Honeywell UOP Renewable Fuel Powers Largest Commercial Biofuel Facility

by | May 16, 2014

Honeywell UOPUOP, a Honeywell company, says its UOP/Eni Ecofining process technology is powering the largest commercial advanced biofuel facility in the US, capable of producing more than 130 million gallons of renewable diesel per year.

The Diamond Green Diesel facility in Norco, La., converts inedible oils and other waste feedstocks to produce high-quality renewable diesel, also known as Honeywell Green Diesel. Unlike biodiesel, renewable diesel produced using the UOP process is chemically identical to petroleum-based diesel and can be used as a drop-in replacement in vehicles with no modifications.

Renewable diesel produced using the Ecofining process also has up to an 80 percent lifecycle reduction in greenhouse gas emissions compared with diesel from petroleum, Honeywell says.

The facility is a joint venture of Darling International and Diamond Alternative Energy, a subsidiary of Valero Energy.

Fuel produced at the facility is designed to meet the EPA’s Renewable Fuel Standard. The Diamond Green Diesel facility will produce more than 200 million ethanol-equivalent-gallons per year of biomass-based diesel as defined under the Renewable Fuel Standard.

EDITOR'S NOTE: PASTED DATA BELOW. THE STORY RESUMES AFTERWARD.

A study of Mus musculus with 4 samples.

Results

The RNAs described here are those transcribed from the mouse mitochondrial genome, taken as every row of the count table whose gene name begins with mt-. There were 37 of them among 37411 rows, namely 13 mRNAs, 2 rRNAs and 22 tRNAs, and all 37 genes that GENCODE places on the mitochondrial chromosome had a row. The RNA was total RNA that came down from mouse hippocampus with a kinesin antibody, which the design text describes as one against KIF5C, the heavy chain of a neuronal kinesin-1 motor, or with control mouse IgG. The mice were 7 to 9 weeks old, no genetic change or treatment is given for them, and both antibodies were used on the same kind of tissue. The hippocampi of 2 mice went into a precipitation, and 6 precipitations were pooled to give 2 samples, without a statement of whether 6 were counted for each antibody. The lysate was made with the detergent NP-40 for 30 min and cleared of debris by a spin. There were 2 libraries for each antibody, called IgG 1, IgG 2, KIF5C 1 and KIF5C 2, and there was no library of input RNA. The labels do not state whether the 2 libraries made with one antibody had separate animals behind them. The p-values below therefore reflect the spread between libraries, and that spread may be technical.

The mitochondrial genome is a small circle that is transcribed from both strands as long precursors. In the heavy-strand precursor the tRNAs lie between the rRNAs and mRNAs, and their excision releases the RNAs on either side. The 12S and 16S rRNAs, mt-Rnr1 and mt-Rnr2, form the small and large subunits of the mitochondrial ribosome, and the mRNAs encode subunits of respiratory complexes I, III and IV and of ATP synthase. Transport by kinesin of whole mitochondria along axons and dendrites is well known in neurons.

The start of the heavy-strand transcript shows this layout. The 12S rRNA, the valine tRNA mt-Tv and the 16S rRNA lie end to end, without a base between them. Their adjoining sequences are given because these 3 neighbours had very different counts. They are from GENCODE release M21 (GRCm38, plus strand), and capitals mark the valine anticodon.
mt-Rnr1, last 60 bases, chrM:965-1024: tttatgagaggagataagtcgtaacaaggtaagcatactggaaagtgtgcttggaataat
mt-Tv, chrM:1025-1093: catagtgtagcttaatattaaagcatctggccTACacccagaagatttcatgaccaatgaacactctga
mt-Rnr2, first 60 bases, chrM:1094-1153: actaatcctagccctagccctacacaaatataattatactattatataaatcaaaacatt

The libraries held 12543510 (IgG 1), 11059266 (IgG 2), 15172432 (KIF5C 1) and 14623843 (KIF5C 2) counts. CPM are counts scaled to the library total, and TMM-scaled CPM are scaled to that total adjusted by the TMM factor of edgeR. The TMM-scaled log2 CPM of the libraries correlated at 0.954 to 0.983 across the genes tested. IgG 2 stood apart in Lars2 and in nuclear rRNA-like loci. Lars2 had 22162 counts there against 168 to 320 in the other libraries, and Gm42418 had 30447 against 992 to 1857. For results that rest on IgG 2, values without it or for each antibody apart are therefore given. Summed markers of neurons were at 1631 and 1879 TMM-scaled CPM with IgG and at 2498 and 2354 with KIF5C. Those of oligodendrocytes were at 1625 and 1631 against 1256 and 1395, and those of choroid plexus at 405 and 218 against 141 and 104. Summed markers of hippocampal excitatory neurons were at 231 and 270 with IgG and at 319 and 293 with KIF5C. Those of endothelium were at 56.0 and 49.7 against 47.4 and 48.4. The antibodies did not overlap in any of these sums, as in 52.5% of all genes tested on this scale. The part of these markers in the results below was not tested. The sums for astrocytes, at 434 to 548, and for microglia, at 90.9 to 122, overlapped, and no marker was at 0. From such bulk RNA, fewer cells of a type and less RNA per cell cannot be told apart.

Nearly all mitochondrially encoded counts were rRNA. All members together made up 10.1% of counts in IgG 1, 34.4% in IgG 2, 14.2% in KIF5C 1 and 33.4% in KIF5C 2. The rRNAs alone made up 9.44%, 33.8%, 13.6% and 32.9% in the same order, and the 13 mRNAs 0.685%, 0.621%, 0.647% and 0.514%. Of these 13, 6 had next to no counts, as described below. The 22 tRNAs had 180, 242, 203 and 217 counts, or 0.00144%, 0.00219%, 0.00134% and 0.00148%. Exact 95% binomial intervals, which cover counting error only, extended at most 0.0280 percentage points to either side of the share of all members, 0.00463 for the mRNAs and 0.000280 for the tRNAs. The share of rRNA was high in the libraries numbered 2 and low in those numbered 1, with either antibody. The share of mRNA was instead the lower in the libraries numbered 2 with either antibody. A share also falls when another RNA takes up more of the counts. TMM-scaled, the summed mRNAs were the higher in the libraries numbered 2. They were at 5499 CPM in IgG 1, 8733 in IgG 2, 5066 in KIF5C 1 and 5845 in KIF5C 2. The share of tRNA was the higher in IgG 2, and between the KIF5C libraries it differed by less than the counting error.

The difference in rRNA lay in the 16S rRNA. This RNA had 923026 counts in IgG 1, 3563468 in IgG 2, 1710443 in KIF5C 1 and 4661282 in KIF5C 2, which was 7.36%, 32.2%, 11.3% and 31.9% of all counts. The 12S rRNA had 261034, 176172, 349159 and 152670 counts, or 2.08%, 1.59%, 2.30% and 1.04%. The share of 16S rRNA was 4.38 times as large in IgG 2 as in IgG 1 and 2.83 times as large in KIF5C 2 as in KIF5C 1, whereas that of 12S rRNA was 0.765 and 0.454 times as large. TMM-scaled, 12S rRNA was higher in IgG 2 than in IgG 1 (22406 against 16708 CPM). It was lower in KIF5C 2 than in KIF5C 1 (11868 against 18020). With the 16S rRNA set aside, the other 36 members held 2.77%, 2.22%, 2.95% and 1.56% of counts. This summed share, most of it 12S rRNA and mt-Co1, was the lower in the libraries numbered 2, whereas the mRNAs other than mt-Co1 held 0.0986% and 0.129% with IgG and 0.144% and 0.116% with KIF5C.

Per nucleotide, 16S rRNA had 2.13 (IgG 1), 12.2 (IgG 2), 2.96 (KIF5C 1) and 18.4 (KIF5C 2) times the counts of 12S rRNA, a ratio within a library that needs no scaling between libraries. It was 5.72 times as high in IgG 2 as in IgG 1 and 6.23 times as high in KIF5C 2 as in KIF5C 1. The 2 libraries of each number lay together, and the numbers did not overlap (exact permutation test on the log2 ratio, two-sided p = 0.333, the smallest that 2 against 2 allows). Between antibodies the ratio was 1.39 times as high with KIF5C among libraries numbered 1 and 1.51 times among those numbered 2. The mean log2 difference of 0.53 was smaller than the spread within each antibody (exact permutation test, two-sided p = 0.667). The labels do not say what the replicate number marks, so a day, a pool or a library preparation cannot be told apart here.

In addition to Ecofining technology, the company has commercialized the UOP Renewable Jet Fuel Process, which was originally developed under a contract with the US Defense Advanced Research Projects Agency (DARPA) to produce renewable jet fuel for the US military. Honeywell Green Jet Fuel produced by this process technology can be blended seamlessly with petroleum-based fuel. When used in up to a 50 percent blend with petroleum-based jet fuel, Honeywell Green Jet Fuel requires no changes to aircraft technology and meets all critical specifications for flight.

Also this week Joule said its Sunflow-D and Sunflow-J CO2-neutral fuels meet the standards of the American Society for Testing and Materials (ASTM) for diesel and jet fuel, respectively, marking another step toward commercial readiness of its CO2-derived hydrocarbon fuels.